Syrie James, known for her critically acclaimed historical and romance fiction, has ventured into new territory with her latest novel, which she co-wrote with her adult son, Ryan. The book’s about a 16-year-old girl whose life begins to implode when she comes into unusual powers—only to discover that her entire existence is prohibited—as is her relationship with the new boy at school, who is far more than he seems.
A page-turning tale of wit, fantasy, music, suspense, and paranormal romance, the upcoming Forbidden has been getting critical raves. Described by Beneath the Cover as "amazing... an addictive read," and by Sophie Jordan, author of Firelight, as "beautifully written! Romantic and filled with delicious tension. Forbidden enchants!", the novel will appeal to readers of any age or gender–or any genre!
Syrie, as an award-winning published author, what made you decide to experiment with co-writing, and with your son no less?
Ryan is extremely talented and imaginative, and had always been a voracious reader. For years, Ryan had been giving me such detailed, perceptive, and incredibly insightful notes on every book and screenplay I'd ever written, that I’d learned to never turn in a manuscript without first addressing his feedback. Although he'd never written a book before, in his work as an editor in the video game industry he was a storyteller by profession.
When I came up with the initial idea for Forbidden, and Ryan suggested we write it together, I was intrigued. We’d written two screenplays together in the past, so why not a book? Suddenly, the timing to write Forbidden appeared as if by magic. I had turned in the manuscript for Dracula, My Love and had an opening in my schedule. Ryan had a six month window between jobs. We decided to go for it!
What was the inspiration behind the story of Forbidden?
An idea had been percolating in my head to write a book about a teenage girl who begins getting psychic messages from a mysterious source, and enlists the aid of a boy at school to solve the mystery. A deeply felt romance would develop between them, and he’d prove to be far more involved and invested in the mystery than she ever anticipated.
Years earlier, the independent movie I’d co-written with Ryan was about a young man named Alec—a lonely, supernatural action hero in a dark world, whose heart's desire was to be human and lead a normal life. What if, I thought, I combined my idea of a psychic girl with a character similar to Alec? What if he left his supernatural "job" forever, and tried to pass as human—but although he was over a century old, he looked so young that he could only fit in at a high school?
We were both excited about the idea, especially when we decided to have the girl's unusual psychic powers (and Alec himself) come from a heavenly source ... and to have Alec become her only true ally in a confusing and increasingly dangerous world. We set the story at a fictional version of the unique private high school Ryan attended, and this novel became a love letter of sorts to that wonderful school.
A mother/son writing team seems pretty rare. What was your writing process?
We began by writing a detailed storyboard and outline, hashing out characters, plot, and all the details of the world—which was extensive, since we were creating our own version of angel mythology, with many paranormal elements, yet setting it in a very real world environment. Then, three days a week for six months, from 9AM to 6PM, we sat together at my computer and wrote the first draft. Once we sold the book to HarperTeen, several additional months of hard work went into the revisions. We both loved working together. We challenged each other to explore new ideas, and often found ourselves finishing each other's sentences. It has been a remarkable and very rewarding experience, and we are thrilled to share the novel with readers.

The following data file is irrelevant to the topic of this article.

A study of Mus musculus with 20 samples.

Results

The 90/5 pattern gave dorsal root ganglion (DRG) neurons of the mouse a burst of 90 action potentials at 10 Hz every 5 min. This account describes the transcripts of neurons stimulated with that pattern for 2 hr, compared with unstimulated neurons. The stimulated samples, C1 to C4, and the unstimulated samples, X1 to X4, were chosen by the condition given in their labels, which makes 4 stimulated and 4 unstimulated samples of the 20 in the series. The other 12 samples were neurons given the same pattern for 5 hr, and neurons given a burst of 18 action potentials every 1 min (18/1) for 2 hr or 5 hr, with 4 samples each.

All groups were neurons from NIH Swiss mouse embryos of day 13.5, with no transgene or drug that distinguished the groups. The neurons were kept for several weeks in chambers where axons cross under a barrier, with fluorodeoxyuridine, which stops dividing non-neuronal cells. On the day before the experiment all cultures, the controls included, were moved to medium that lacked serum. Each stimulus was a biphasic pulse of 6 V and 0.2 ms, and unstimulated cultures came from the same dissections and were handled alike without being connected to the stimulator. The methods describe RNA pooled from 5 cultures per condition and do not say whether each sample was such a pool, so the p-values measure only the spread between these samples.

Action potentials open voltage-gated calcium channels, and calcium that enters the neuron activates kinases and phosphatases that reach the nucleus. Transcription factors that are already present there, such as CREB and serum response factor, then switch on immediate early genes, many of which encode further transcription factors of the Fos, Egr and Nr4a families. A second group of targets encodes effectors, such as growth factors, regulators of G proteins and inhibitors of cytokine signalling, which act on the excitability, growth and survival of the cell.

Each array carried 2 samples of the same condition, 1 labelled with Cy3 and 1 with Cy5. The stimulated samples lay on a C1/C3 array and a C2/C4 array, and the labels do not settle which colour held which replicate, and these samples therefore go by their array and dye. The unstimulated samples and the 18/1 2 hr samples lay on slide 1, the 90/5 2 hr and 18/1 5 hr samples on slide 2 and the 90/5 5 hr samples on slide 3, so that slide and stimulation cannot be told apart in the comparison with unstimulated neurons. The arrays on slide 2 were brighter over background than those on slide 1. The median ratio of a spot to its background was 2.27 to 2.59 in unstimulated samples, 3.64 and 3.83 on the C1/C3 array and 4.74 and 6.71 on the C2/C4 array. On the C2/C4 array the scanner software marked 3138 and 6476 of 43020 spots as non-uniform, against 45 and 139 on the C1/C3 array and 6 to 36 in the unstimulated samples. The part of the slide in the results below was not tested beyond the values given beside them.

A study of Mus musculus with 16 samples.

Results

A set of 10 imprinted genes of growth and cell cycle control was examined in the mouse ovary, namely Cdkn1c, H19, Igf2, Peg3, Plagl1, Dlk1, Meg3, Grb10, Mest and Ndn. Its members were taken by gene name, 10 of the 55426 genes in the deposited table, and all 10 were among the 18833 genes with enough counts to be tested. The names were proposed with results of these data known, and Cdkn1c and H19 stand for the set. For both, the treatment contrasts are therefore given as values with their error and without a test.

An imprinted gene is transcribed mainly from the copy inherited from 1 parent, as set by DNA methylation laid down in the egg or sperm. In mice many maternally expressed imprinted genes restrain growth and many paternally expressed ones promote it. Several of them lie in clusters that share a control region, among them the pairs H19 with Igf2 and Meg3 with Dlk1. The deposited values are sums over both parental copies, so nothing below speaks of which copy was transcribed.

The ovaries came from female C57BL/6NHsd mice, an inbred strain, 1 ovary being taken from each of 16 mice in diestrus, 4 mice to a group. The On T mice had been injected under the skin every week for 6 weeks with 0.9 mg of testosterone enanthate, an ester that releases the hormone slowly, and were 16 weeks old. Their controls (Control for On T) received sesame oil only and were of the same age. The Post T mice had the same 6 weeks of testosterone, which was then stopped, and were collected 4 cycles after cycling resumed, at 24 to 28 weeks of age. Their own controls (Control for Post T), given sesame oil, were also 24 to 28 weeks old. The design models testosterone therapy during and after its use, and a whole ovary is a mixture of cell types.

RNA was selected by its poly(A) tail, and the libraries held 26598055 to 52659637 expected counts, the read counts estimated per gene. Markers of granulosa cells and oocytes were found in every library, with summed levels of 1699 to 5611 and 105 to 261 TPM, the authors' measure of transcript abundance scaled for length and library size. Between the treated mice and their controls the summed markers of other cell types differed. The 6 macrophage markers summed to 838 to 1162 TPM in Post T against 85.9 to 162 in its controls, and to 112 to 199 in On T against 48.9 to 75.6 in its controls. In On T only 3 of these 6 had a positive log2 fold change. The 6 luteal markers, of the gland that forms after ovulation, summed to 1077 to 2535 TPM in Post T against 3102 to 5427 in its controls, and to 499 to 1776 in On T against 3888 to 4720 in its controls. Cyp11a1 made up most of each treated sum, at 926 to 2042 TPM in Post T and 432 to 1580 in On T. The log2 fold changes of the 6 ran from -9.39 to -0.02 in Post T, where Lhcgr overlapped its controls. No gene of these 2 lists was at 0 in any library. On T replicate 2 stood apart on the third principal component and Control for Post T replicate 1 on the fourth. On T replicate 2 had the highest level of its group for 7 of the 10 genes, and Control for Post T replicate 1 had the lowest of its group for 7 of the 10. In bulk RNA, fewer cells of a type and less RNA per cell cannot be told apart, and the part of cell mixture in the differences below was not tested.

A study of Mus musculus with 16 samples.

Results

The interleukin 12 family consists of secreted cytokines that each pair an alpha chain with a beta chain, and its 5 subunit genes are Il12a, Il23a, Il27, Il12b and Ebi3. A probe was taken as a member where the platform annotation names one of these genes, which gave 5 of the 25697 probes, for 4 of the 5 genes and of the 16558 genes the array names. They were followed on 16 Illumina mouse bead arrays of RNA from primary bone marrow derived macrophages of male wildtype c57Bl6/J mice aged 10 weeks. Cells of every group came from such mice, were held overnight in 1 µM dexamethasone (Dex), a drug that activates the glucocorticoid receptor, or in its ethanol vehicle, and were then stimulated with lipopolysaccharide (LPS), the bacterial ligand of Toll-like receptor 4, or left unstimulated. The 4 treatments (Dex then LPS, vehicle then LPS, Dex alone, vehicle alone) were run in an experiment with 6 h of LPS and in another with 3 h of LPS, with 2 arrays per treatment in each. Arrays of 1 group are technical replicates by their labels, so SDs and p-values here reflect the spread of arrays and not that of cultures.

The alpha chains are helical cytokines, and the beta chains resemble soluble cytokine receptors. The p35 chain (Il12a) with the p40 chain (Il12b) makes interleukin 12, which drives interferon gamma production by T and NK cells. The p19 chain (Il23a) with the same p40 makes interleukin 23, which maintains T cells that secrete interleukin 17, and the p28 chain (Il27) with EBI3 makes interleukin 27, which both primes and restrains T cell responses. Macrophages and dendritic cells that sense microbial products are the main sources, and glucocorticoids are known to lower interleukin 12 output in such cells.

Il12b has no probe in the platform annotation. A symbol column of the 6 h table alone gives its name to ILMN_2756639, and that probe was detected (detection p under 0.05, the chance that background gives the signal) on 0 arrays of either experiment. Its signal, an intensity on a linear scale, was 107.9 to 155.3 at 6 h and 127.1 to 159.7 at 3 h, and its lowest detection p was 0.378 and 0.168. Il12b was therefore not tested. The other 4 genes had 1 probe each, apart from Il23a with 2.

Did you write the chapters from Claire's perspective, and have Ryan write Alec's?
No. We wrote the entire first draft with the two of us sitting in one room, crafting all the material together—speaking much of the dialog and action aloud as he or I typed. Interestingly, that first draft was written 85% from Claire’s POV. Our editor loved the few sections we’d included from Alec’s POV and asked us to revise the novel with half from his perspective—which delighted us! Due to time constraints—Ryan had started his new job and was just about to get married and go on his honeymoon—I did that second pass myself, re-writing that original material from Alec’s POV, and then Ryan and I polished it together.
Do you believe this book is only intended for "Young Adult" readers?
Not at all. We wrote the novel with the intention and hope of appealing to people of all ages—and genders—and we are thrilled by the response it’s been getting from reviewers, many of whom have maintained that adults will enjoy the novel.
Adults went through the experience of high school too, and we believe they can just as readily relate to the situations and emotions experienced by Alec and Claire as can anyone under 18. Austenprose.com said, "This may be written for Young Adults, however, might I also suggest, for the young at heart?"
Thanks for having me on your blog today, Maria Grazia!
I'll leave few questions for your readers to answer. I'd love to hear from them. What piques your interest about Forbidden? Do you like YA fiction and if so, why do you think today's new YA fiction is so popular with readers of all ages?
Aside from being Syrie’s firstborn, Ryan M James has co-written two screenplays, directed an independent feature, and created the machinima webseries A Clone Apart. By day he works as an editor for the video game industry. Under cover of night, he conjures stories for print, screen, and web as a member of the Writers Guild of America. He and his wife live in Los Angeles about a stone’s throw away from Syrie. Visit him on facebook and Twitter, and at www.forbidden-book.com.